The Saint(9)

By: Tiffany Reisz



“Ugh. Don’t call me that.”

Her father laughed and ruffled her hair. Maybe she could crash the car in such a way it would only hit his side….

“Sorry, kid. You’re growing up too fast.”

“You know I’ll be sixteen in less than three weeks.”

“God, you make me feel old.” He exhaled heavily. Her dad wasn’t old at all. Only thirty-five. And he would have looked thirty-five if he didn’t live so hard. He drank too much, did things he shouldn’t, hung out with bad, scary people. But still, he didn’t make her go to church or do her homework, so between him and her mom, she knew which parent she preferred to hang out with.

“I can’t wait to get older. Trust me, I’m counting the minutes until my birthday. Driver’s license, here I come.”

Elle grinned at the prospect of finally being able to drive to school, drive to the city, drive anywhere she wanted, especially away from her mom and her house and her life.

“Elle?”

“What?”

“You know I can’t buy you a car, right? And neither can your mom.”

Her stomach knotted up.

“Dad, you promised me two years ago—”

“I had a lot more money two years ago than I do now.”

“What happened?”

“Life’s expensive. Business isn’t great.”

“Business isn’t great,” she repeated. “You mean the car-stealing, chop-shop business? Did that get hit by the recession, too?”

“You have a smart mouth,” her father said, all affection gone from his voice.

“If you weren’t going to buy me a car, you shouldn’t have promised me one.”

“You want to keep this one?”

“You’re the car thief in the family, not me.”

“Can you back off me for five fucking seconds, please?”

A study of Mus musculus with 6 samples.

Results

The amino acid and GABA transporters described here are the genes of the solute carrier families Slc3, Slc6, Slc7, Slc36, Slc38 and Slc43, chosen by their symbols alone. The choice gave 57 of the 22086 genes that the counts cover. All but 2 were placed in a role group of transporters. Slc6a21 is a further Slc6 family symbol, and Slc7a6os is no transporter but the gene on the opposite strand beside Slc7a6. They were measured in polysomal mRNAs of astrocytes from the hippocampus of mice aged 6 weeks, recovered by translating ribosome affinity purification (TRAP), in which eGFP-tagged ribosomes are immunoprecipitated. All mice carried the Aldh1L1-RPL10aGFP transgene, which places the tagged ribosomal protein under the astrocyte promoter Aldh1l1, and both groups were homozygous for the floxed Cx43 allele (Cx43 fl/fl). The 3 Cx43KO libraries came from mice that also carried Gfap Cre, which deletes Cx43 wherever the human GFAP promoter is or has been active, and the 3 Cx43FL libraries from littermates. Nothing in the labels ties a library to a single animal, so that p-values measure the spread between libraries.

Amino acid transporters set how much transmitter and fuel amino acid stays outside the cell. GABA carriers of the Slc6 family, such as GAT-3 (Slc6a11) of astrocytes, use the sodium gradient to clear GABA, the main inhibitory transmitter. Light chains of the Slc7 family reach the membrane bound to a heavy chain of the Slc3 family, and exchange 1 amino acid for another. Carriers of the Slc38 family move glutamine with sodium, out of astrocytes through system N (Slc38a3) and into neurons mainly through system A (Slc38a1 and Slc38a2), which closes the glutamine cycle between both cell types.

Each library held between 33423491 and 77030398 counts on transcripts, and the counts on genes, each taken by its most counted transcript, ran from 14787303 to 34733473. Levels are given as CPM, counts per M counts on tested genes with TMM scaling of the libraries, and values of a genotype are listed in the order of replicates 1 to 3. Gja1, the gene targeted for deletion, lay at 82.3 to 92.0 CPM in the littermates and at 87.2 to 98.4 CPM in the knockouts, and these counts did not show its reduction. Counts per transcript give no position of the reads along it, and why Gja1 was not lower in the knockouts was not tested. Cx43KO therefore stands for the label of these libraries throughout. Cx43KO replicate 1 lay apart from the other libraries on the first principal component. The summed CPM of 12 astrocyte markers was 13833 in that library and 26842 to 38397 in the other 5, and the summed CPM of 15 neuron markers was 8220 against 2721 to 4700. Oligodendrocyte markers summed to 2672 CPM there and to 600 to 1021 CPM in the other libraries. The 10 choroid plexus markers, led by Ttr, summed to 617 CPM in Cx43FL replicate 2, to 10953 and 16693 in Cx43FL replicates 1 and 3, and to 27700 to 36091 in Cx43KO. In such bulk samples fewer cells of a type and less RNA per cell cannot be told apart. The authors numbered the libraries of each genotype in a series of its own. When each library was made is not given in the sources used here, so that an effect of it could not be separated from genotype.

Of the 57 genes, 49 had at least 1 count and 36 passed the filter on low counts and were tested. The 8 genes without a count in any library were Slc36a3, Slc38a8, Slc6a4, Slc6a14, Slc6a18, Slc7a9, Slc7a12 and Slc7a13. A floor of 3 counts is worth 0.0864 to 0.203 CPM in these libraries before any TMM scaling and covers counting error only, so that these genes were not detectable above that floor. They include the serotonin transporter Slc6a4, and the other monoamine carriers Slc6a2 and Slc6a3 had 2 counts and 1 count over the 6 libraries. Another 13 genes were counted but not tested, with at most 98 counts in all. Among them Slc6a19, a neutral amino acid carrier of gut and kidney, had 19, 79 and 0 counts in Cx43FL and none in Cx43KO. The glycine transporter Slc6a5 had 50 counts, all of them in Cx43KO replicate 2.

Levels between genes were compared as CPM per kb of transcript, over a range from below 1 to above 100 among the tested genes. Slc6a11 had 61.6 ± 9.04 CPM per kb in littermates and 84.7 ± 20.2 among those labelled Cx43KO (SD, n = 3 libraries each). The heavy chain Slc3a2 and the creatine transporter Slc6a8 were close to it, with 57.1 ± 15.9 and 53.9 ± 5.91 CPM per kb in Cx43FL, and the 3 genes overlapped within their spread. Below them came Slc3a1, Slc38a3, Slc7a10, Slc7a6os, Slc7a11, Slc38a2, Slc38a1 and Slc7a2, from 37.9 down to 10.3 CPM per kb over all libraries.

Elle pulled over a block from her house, where there would be no chance of her mom seeing her with her father.

She turned off the car and sat in silence.

“Elle … baby … I’m sorry. I wish I could buy you anything you wanted, but I can’t right now. I owe some money. I have to pay it back.”

“Whatever.”

“Don’t be like that. You know I love you, and I’d do anything for you.”

“I know,” she said, although she wasn’t certain that she did. “I gotta go.”

Her father grabbed her forearm, pulled her over and gave her a gruff kiss on the cheek.

“Don’t be mad at your dad. He’s doing the best he can.”

“Tell my dad I’m not mad.” Her shoulders sagged. Her heart sagged. Her hopes sagged. “I just wish things were different.”

“Yeah, well … you and me both, kid.”

She gave him a faint smile and got out of the car.

She shut the door behind her and said under her breath, “Don’t call me kid.”

As she walked the final block to her house she choked back tears of disappointment. Two years ago, on her fourteenth birthday, he’d promised her with all his heart and all his soul he would get her a car for her sixteenth birthday. And she’d believed him even though deep down she knew better. He made promises all the time and never kept them. I promise I’ll see you at Christmas. I promise I’ll make the school play. I promise I’ll get a new job so you won’t have to worry about me. Promises made, never kept. One day she’d learn.

Maybe it was her fault. Maybe nobody could be trusted to do what they said they’d do. Once in her life she’d love to have someone who gave enough of a shit about her to make her a promise and keep it. For once she wanted someone to treat her like she mattered.

Nice pipe dream there. That happening was about as likely as her getting banged by an angel like St. Teresa.

Eleanor unlocked the back door and walked into the kitchen. The car was in the driveway, but where was her mom? Her mom worked the night shift as a motel manager and did bookkeeping part-time for a small construction company. If she wasn’t at work, she was either asleep or at the kitchen table with her ledgers and adding machine. Eleanor made herself dinner—a bowl of cereal—and went into the living room to eat.

She found her mom in her shabby bathrobe curled up on the frayed paisley couch, wiping her eyes.

“What’s wrong?” Elle asked her mother. Her mom swiped at her face with a tissue. “Did Father Greg die?”

“No,” her mother said, pushing a hank of black hair over her ear. “But he’s probably not coming back. Not anytime soon.”

“I’m sorry,” Elle said, sitting cross-legged on the floor. Her mom never let her eat on the furniture, which made no sense. The furniture was old and threadbare and stained. Like a little cereal on the couch was going to make things any worse than they already were. “What’s going to happen?”